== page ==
We've had some major backbone failures recently. Our cable broadband provider had a major outage event Monday that has us offline for a while. The only other alternative locally for broadband is asynchronous digital subscriber line and even that has reliability issues locally. In the 17th of 50 states in what should arguably be considered a first-world nation, access to the Internet is hardly reliable at all. While there was an attempt in the American Recovery and Reinvestment Act of 2009 to ameliorate such digital divide issues through the provision of grants, that entire funding program was scrapped to provide the funds to shore up local education agency budgets in the United States reportedly to prevent teacher layoffs.
For now we have GPRS service on a prepaid basis as a stopgap recovery measure in the event of a back-end failure. That is only a stopgap patch and is not a permanent fix. Air cards and the like are available out here but the network connectivity is at least two generations behind what you might find in your average urban metro. There are areas within easy driving distance that are some of the most remote on the planet with no cellular carriers providing any coverage at all.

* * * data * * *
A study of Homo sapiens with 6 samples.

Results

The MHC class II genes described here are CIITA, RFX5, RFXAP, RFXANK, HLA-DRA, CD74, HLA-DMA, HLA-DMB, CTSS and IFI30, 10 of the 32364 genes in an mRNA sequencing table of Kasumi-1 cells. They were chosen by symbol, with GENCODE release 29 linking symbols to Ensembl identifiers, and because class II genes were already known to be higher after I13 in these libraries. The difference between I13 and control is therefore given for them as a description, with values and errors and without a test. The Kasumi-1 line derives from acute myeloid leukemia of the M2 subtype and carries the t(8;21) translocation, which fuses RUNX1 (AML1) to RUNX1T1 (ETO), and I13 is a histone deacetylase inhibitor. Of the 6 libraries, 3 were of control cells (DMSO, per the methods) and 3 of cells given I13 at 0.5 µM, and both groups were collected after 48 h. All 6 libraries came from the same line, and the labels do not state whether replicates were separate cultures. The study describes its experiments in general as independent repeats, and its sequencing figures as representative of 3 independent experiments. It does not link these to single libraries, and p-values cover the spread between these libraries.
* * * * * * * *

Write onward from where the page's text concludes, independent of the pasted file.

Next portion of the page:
For Internet-based transmission of multimedia content, this area is hardly optimal. It also highlights the possible failure of the vision of a cloud-based future. For a cloud-based future to truly work, wide-area saturation of minimal access levels would be necessary. Radio waves handle that easily through physical propagation that follows simple laws of physics which makes broadcasting possible. With a network of networks like the Internet, signals do not necessarily have the same metaphorical landscape to propagate across that the ionosphere provides radio waves. Radio waves can move at the speed of light under optimal conditions. While the Internet can open new means of communicating, it does not provide the same relative uniformity the physical world around us has been able to in terms of communications medium.
Three years of podcasting has been interesting. The fourth year is appearing to be one of new challenges that have to be faced. We spent the summer of 2010 preparing for the loss of effective Skype access by improving our communications links. Skype is great...when you have a fast enough data link to support it. With the way our local infrastructure is starting to fall apart, we just do not have that anymore. Between now having to keep costs down let alone scheduling complications that we previously did not have, there are real reasons there have not been as many interviews as previously.
Keeping the program published on a regular basis is the next challenge we have to face. We'll be continuing to price alternative means of accessing the Internet and, if necessary, taking steps to begin alternative links. Time will tell where things progress.